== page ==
3.4 Gaelic alive!
Pupils start GME at an early age, usually in a Gaelic playgroup or nursery class. There are two all-Gaelic primary schools (in Inverness and Glasgow); otherwise GME is delivered as classes in two-language schools. Secondary GME provision is patchy, but all pupils in primary GME have the option of taking language classes in secondary school that lead to the ‘Gàidhlig’ (or fluent speaker) SQA exams.
For more information you can access the school website.
Gaelic is in everyday use in many communities, especially in the Western Isles and Skye but also, in a more limited way, in the Gaelic communities-within-communities of the cities. This can mean buying the groceries in the local shop or supermarket, socialising in a club or pub or taking part in a local radio programme.
Many Churches – Protestant and Catholic – use Gaelic in worship. One of the most distinctive, and impressive, forms of Gaelic culture, in fact, is the unaccompanied psalm singing which has evolved over the centuries in the Presbyterian church in the Islands. The clip below is an example from Lewis.
MG ALBA is funded by the Scottish Government in order to enable quality television programmes to be made and shown in Gaelic. In partnership with the BBC it has established BBC ALBA, a Gaelic digital TV channel (available on Freeview from 2011). For information on MG ALBA visit their website.
BBC ALBA provides a comprehensive broadcasting service in Gaelic, on radio, television and the internet, including children’s programming, a news and current affairs service and light entertainment, including sport. The video below is an example of the type of programming BBC Alba provides.
Celtic (including Gaelic) music has enjoyed a remarkable growth in popularity in recent years, as evidenced by the success of festivals such as Blas (in the Highlands), HebCelt (Western Isles) and Celtic Connections (Glasgow).
For more information on the festivals visit:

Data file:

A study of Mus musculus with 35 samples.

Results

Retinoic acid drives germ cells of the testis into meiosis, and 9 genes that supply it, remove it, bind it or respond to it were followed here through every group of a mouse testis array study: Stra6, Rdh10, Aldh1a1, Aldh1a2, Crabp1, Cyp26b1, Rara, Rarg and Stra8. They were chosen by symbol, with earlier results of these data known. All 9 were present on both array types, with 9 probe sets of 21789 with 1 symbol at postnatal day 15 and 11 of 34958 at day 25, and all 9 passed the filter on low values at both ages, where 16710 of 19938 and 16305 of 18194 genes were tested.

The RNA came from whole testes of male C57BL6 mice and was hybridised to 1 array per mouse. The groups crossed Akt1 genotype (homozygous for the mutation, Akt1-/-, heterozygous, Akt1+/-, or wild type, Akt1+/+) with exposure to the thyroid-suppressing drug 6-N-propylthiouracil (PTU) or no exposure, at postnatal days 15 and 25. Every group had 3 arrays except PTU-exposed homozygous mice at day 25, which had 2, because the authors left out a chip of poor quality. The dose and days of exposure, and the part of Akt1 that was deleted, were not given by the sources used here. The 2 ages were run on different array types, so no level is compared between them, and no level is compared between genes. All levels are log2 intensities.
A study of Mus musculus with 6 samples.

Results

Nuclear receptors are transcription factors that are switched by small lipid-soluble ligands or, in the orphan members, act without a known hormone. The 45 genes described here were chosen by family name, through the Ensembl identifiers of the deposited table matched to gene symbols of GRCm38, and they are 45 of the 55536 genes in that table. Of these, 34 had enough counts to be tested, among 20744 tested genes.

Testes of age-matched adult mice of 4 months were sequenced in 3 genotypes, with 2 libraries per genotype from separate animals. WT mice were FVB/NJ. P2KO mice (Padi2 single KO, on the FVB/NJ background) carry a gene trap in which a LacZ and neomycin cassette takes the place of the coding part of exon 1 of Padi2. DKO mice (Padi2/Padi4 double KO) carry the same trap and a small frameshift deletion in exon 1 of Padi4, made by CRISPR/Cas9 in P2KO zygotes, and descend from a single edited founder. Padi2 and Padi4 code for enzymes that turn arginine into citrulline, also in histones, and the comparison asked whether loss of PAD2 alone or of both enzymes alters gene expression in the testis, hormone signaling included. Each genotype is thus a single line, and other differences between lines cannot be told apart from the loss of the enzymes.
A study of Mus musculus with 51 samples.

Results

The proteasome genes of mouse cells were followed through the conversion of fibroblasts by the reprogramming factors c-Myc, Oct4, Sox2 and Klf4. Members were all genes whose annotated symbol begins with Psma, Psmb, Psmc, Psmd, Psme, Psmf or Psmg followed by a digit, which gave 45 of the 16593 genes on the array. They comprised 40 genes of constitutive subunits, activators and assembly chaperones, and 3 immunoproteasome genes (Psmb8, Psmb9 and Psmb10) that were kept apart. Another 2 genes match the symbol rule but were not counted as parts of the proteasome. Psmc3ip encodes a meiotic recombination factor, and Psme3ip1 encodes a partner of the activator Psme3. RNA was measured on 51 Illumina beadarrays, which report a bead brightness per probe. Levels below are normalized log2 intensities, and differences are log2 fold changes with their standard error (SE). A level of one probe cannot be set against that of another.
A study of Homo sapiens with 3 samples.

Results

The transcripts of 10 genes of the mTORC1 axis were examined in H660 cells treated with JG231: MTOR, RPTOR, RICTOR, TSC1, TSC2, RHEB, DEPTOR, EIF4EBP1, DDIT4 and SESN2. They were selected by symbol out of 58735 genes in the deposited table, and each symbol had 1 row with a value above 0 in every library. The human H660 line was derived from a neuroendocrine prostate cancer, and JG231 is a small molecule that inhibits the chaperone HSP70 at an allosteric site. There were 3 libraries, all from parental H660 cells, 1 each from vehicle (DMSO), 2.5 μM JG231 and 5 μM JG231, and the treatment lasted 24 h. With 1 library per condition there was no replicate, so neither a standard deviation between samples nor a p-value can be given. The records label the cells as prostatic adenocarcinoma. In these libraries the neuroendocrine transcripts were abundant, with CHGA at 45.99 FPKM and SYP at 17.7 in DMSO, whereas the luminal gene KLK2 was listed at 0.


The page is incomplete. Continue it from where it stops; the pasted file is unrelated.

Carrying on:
You can watch video clips from the 2010 BLAS festival here.
Fèisean are teaching festivals at which the learners, who are mostly young, can learn a wide variety of Gaelic cultural skills from professional tutors.
There are some 40 fèisean at present, supported by a national organisation, Fèisean nan Gàidheal. Their map, shown here, shows the location of fèisean taking place in 2011.
Gaelic mods, national and local, are competitive festivals of Gaelic music catering for both adults and children. For more information go here.
Aspects of the Gaelic heritage which are less directly related to the language have also been experiencing a revival in recent years. For example, traditional dancing, such as stepdance which has been reintroduced from Cape Breton, Nova Scotia, is becoming increasingly popular. For information visit Dannsa’s website or this online Scottish dancing resource. We also cover the importance of music and dancing in Section 6.
The Gaelic Language Act’s aspiration of ‘equal respect’ for Gaelic and English has resulted in an increase in the visual presence of the language, for example on external and internal building signage, road signs and commercial products.
Gaelic is also use sometimes for public announcements, for example on ferries to the Western Isles.
Many parents with children in GME learn Gaelic in order to support their children’s learning. Apart from classes there are residential events in which families can participate together. The photo below is from one such event in Skye in 2006. The following link is to CNAG’s ‘Cuir is Fàs’ magazine, which contains a report of an event held in Lewis in 2010.
As well as those families which enrol their children in GME, there are also families where one or more parent speaks Gaelic and the language is passed on to the next generation in the traditional way at home (and usually reinforced by GME). There is now the possibility that this can once again become the norm, given that there is once again a generation of Gaelic speakers of child-raising age.